China's launching of three astronauts over the weekend to work on completing the country’s Tiangong space station is the latest step in making itself a leading space power in the decades ahead, the BBC reported on Monday.
Already it is only the third nation to have put astronauts into space and to build a space station, joining the Soviet Union and the United States.
China recently released a new, high-definition image of Tiangong, which is in orbit about 250 miles above Earth, Bloomberg reported.
Beijing started building Tiangong after the U.S. barred China from participating in the International Space Station.
By the end of the year China plans to add more modules to Tiangong, such as the Mengtian science lab, and then next year to launch a space telescope, called Xuntian, which will fly close to the space station and dock with it for servicing and refueling.
This is part of plans by which Beijing hopes to replace the International Space Station, which is due to be decommissioned in 2031, according to the BBC.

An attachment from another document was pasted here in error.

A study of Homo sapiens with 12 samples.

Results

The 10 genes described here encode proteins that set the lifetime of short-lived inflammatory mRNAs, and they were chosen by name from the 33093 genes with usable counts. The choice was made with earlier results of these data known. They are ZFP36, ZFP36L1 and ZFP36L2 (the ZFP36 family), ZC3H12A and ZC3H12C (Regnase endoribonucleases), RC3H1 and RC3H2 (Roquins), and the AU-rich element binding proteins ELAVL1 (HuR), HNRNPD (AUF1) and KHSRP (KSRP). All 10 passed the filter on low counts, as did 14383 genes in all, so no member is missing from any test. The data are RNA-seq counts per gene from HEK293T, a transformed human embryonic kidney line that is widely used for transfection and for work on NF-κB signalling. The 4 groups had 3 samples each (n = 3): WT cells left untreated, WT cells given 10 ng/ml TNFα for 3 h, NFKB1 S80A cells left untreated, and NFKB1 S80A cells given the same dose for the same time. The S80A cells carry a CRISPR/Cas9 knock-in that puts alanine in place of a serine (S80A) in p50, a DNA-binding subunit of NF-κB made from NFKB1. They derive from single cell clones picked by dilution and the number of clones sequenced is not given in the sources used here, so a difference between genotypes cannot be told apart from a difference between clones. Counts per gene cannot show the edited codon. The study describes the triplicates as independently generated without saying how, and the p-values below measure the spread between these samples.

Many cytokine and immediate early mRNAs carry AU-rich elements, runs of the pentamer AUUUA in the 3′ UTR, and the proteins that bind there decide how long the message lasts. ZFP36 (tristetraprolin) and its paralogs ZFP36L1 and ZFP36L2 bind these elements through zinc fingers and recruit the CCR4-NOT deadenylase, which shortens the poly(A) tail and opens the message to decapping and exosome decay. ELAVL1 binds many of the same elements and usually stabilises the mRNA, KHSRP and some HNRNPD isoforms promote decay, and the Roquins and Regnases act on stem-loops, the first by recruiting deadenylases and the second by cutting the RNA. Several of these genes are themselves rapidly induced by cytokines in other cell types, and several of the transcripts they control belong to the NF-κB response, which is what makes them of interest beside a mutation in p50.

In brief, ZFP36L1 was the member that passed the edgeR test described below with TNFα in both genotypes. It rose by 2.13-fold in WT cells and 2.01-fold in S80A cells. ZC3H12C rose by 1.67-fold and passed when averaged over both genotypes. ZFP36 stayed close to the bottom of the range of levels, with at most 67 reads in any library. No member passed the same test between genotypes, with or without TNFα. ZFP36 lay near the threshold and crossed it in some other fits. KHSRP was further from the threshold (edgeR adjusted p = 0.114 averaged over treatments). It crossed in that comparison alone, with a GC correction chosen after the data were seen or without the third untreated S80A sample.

By that time China is aiming to take samples from asteroids near the Earth, to put its first astronauts on the moon, and to have sent probes to collect samples from Mars and Jupiter.
China’s ambitions to be a world leader in space are illustrated by the fact that at least 300,000 people have worked on the nation’s space projects, which is almost 18 times as many as currently work for NASA, according to state media Xinhua, the BBC reported.
In addition, the Chinese National Space Administration, which was established in 2003 with an initial annual budget of some $300 million, now has investment of more than $1.5 billion annually after its space industry was opened to private companies in 2016, according to Chinese media.
Lucinda King, space project manager at Portsmouth University, told BBC that Beijing is not just focusing on high-profile space missions, but “are prolific in all aspects of space. They have the political motivation and the resources to fund their planned programs."
China is also eager to develop its satellite technology, with many of its satellites also having military purposes that can help it spy on rival powers and guide long-range missiles.
Beijing's ambitions to reach that moon are also partly motivated by the desire to extract rare earth metals from its surface, according to the BBC.